In the 1840s, European missionaries and explorers began to venture into the east African interior. In Britain, an Association for Promoting the Discovery of the Interior Parts of Africa had been formed as early as 1788, and had since merged with the Royal Geographical Society (RGS). In the following years it would play a leading role in the search for the source of the River Nile.
Zanzibar became the usual starting point for journeys into the interior. Here, the European missionaries and explorers paid their respects to Sultan Said, who 'owned' most of the land they would pass through. They equipped their expeditions with supplies and porters, before sailing to Bagamoyo on the mainland. Many explorers followed the established slaving routes into the interior, often employing slave traders to act as guides.
In 1844, the English Church Missionary Society, unable to find any British recruits, sent the German Johann Krapf to east Africa in an early attempt to convert the local people to Christianity. He was joined by his missionary colleague, Johann Rebmann, who arrived in Zanzibar two years later. They travelled widely across the areas now known as southern Kenya and northern Tanzania. In May 1848 Rebmann became the first European to see Kilimanjaro and in December 1849 Krapf was the first European to see Mount Kenya. (See Exploration in east Africa map opposite.)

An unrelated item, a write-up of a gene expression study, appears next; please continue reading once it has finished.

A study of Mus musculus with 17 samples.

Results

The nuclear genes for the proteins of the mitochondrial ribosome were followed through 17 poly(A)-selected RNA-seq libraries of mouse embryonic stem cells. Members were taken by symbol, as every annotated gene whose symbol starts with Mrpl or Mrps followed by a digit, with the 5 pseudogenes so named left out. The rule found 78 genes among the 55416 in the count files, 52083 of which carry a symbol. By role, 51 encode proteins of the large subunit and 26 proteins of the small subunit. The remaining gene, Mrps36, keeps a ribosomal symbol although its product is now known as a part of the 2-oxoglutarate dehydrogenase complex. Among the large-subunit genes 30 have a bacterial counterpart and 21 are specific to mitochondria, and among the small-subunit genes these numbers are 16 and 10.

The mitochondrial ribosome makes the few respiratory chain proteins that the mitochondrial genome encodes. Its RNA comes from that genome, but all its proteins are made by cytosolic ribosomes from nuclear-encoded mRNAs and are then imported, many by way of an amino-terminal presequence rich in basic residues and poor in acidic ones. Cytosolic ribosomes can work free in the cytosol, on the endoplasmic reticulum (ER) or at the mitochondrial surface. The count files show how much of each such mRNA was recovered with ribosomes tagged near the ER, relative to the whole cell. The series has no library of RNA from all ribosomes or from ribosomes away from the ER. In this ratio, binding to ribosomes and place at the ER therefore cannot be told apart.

Meanwhile on Zanzibar the slave trade continued. By the 1850s about 14,000 to 15,000 slaves a year were being imported into Zanzibar from the mainland, providing Sultan Said with a large income from duties. Zanzibar traders pushed even deeper into the interior, reaching what is now northern Zambia. In 1852 a caravan reached Benguela (in present-day Angola) having completely traversed the continent from east to west, while the following year another group reached Linyanti, in the present-day Caprivi Strip of Namibia.
Through the slave caravans Said had become the nominal ruler of a vast commercial empire stretching along the coast from Mozambique to the Somali ports, and inland to the Great Lakes of Nyasa (Malawi), Tanganyika, Nyanza (Victoria) and Turkana. By the end of his reign Zanzibar's empire covered about 2.5 million km2 (1 million square miles), or 10% of the African continent, including the whole of present-day Tanzania, plus sizeable parts of Malawi, Zambia, DRC, Uganda and Kenya. The Arabs had a saying: 'When the flute plays in Zanzibar, they dance on the lakes.' But it was an empire in name only and Said never attempted to conquer or develop the area.